Sugar mill faces closure

Published: 12th August 2013 12:18 PM  |   Last Updated: 12th August 2013 12:18 PM   |  A+A-

As sugar industries go through a rough phase in the State, the Nayagarh Sugar Complex Ltd has been on the verge of closure.

Failure of the State Government to keep its words apart, disruptions by local politicians has stopped operation of the factory for the last 15 days, its management said on Sunday.

A group led by the local sarpanch allegedly prevented entry of the management members as well as workers into the sugar factory which has been ransacked, its chairman Trailokya Mishra told mediapersons here. Besides, power as well as water supply to the workers colony has been snapped.

The police are not receiving any complaint while intimation to Collector and SP has not yielded result, he added.

While the mischief mongers have taken over the complex, the forest officials found six teak logs from the premises and booked a case which, Mishra said, is a motivated move.

“We have no access to our factory complex and the vested interests are giving shape to their plans on the pretext of taking up the cause of the sugarcane farmers who have not been paid their dues,” he added.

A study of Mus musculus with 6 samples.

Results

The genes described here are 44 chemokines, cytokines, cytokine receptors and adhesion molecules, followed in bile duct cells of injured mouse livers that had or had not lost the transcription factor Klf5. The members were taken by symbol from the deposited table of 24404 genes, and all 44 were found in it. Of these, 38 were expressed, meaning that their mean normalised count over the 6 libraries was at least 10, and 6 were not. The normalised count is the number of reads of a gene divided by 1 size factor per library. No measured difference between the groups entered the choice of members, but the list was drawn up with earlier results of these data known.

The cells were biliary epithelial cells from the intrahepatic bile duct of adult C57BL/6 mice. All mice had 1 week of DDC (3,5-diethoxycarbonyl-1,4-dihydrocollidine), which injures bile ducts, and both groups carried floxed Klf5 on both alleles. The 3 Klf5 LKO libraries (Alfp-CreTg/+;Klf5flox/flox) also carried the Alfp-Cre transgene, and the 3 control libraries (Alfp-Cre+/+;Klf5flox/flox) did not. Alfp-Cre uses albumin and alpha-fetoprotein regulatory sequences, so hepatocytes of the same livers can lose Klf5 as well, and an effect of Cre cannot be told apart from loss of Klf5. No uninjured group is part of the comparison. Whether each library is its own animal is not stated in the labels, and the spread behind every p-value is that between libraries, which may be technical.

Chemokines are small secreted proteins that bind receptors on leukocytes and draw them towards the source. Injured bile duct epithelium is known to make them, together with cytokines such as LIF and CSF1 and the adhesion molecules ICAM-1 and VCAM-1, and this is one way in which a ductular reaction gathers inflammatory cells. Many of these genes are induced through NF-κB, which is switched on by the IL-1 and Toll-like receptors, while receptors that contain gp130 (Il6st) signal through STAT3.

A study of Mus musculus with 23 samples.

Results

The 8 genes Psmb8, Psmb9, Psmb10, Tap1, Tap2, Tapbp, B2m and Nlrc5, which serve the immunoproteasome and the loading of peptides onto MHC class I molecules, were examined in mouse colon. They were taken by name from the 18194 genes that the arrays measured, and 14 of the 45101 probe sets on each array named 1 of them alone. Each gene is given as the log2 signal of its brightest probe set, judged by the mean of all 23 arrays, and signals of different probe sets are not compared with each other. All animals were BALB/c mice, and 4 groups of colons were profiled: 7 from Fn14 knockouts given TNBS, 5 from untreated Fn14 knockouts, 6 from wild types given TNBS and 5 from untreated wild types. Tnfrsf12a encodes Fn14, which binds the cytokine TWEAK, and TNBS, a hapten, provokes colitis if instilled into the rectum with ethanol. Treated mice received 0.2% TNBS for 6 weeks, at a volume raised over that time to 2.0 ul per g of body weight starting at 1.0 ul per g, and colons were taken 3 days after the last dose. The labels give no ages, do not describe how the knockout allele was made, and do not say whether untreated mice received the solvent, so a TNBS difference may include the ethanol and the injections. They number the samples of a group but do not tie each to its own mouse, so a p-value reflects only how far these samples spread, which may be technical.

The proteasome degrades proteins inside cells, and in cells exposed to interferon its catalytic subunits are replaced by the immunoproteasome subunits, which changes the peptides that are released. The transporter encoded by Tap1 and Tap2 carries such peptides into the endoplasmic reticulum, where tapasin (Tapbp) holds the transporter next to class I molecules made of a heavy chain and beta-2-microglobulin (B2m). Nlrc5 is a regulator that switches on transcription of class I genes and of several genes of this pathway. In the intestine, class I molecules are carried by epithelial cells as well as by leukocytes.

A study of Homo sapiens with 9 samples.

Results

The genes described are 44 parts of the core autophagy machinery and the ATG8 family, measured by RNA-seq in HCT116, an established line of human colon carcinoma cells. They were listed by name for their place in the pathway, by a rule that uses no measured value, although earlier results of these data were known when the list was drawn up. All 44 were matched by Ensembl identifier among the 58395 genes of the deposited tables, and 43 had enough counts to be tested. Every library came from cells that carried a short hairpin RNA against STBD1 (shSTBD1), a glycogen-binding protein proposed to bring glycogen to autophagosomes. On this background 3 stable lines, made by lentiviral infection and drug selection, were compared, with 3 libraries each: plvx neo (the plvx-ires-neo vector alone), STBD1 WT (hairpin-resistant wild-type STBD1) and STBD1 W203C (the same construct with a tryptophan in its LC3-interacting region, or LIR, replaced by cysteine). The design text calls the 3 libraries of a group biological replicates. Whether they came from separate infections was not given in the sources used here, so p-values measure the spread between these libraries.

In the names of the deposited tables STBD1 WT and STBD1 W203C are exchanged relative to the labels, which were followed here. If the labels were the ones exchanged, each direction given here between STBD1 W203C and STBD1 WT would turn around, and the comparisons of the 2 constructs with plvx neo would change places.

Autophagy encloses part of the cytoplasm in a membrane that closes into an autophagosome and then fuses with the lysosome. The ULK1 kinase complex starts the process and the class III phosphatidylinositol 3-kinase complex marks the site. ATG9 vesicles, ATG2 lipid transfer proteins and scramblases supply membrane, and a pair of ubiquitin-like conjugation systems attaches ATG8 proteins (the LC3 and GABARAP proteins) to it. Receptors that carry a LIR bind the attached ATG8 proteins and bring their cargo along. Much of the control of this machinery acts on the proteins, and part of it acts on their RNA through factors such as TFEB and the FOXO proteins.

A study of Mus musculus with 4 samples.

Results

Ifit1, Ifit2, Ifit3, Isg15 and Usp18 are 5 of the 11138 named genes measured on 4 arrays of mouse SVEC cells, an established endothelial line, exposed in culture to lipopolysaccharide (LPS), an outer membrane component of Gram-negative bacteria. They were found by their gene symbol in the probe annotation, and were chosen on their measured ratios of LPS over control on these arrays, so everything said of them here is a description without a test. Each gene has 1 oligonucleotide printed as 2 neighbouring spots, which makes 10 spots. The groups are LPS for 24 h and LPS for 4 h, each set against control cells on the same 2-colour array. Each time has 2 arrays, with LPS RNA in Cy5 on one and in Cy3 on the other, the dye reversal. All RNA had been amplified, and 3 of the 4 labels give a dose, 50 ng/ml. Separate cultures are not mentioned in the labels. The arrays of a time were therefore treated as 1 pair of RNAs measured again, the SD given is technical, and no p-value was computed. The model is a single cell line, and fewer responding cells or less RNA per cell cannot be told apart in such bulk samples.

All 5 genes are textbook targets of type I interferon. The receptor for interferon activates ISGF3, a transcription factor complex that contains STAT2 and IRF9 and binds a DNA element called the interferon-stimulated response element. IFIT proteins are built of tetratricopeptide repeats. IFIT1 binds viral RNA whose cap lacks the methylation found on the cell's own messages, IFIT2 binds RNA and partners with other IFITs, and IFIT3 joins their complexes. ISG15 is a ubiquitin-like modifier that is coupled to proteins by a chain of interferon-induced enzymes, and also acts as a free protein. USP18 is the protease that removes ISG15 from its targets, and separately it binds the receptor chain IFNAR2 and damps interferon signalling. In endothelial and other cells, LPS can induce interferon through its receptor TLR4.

“Our sale was stopped for 75 days when the district administration put an embargo over lifting of PDS quota for 2011-12 only to realise its mistake later. We were neither allowed to re-process the old stock nor was a single spoon of sugar permitted to go out for sale. Later, we had to push sale at lower prices for which the farmers could not be paid on time,” Deputy MD Sabyasachi Mishra said.

Nayagarh Sugar, which was a cooperative body before it was privatised in 2004, is among the first State-run enterprises to have been divested.

However, the Government has, so far, not handed over title of the land and property to the management which paid its total instalments in 2009, eight years ahead of schedule with approval from the Cabinet. Now, the management has not been able to get working capital from banks for modernisation and upgradation.

“This way, we will not be able to sustain our activity. But the biggest irony is, if we don’t operate, 10,000 sugarcane farmers will be left in the lurch,” Mishra added.